JerseyCAN is spotlighting our Teacher Fellows to show how #NJStrong they are with their resilient and creative support for students during this challenging time.
Read more about JerseyCAN’s Teacher Leader Policy Fellowship here.
Morris County School of Technology (MCST)
Christine is in her tenth year of teaching and in a year unlike any other, she realized very quickly that she was going to have to get creative. Similar to many schools in the state, her vocational- technical high school adopted a hybrid instructional model with two cohorts of students meeting Mondays, Tuesdays, Thursdays, and Fridays. The middle of the week, or as her school calls it “Wellness Wednesday,” has been dedicated to collaboration time for teachers, virtual catch-up sessions with students, and/or anything else that supports the school community’s well-being.
“Our school provides students access to CTE courses like cosmetology, culinary, welding, and other hands-on trades that are difficult to learn virtually. I teach English, which is certainly more conducive to learning in a hybrid model, as compared to some of our CTE programs. Although the beginning of this school year was filled with anxiety for many teachers due to all of the unknowns about the pandemic and a new teaching model, I think my students and I have been doing pretty well.”
Although she feels confident in her own students’ abilities to navigate the digital world, she knows it hasn’t been easy for everyone.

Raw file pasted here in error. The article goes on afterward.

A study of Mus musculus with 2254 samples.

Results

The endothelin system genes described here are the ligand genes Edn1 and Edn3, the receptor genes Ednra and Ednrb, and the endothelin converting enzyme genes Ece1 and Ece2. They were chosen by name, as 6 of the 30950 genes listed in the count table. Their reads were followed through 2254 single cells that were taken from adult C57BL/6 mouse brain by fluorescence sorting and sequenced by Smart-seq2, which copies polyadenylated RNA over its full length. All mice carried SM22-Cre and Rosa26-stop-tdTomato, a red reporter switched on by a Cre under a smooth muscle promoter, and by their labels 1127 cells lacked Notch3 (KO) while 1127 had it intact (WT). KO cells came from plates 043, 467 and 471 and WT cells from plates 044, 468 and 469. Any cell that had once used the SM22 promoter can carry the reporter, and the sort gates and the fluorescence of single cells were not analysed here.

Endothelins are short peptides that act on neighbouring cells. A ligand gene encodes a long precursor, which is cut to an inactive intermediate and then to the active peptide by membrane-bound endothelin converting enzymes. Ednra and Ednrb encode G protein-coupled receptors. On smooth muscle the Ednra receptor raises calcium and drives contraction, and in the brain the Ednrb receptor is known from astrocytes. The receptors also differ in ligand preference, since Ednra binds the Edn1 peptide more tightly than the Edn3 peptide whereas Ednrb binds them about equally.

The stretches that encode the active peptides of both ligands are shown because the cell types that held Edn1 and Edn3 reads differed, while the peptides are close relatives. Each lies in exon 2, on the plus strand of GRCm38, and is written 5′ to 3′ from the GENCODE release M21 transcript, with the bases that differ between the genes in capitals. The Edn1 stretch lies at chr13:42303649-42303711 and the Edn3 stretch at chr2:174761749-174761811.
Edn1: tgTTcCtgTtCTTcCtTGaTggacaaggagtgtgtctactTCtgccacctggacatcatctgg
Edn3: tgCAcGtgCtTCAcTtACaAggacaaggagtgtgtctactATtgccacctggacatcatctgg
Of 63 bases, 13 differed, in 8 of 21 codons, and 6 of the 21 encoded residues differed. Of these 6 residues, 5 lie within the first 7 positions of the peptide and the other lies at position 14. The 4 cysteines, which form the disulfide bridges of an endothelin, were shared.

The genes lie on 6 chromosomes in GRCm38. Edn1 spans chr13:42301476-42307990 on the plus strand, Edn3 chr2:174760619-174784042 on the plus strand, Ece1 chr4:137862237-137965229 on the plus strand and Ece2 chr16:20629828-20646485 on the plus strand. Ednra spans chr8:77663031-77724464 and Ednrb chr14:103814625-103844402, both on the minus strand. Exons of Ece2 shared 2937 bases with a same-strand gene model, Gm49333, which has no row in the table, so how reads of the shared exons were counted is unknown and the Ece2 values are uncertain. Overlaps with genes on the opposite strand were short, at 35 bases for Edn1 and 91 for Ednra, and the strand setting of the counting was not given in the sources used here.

“The positive things are still positive, but this situation just magnified issues that already existed— like the digital divide. I feel for my daughter’s second grade teacher and anyone else teaching younger students, since elementary age learners seem to be more challenged by technology and distance from their physical classrooms. The level of engagement for all students varies based on several factors.”
Fatigue is one of them. Although students might have access to the hardware they need to complete schoolwork, she knows that being on a computer for long periods can take a mental toll. That’s why she took a good hard look at the work she was giving students at the beginning of the school year and adjusted it according to what her students were telling her as well as the quality of their work.
“I initially thought I would live stream my lessons, have breakout sessions, and jigsaw readings, but to be honest, it just didn’t work. I had a serious mind-shift and started realizing I needed to incorporate more real-world, authentic tasks.”
Instead of trying to recreate the English lessons she conducted in person, Christine started finding ways for students to create projects and activities in the digital world. For example, there was an opportunity to participate in a personal narrative contest for the New York Times where many of her students experienced the revision process in real-time, incorporating feedback from others and being critical of small details before actually finalizing a published piece. She also brainstormed how to apply themes within required high school literature to real-world scenarios.
“I keep asking myself, how do I make Macbeth’s themes about power and greed connected to what’s going on around us? Not only that but, I have to think what instructional opportunities am I giving my students to problem solve and use higher order thinking: skills that are NOT- GOOGLABLE!”
Students’ access to information is infinite in the digital environment, but what Christine is most concerned about is how they evaluate and apply that information. She recognizes that an authentic assessment these days involves creating tasks that require students to use search engines and create real-world work products that can be shared with diverse audiences. We Raise NJ is excited to see the products that her students create and thankful for her #innovation and #motivation this school year!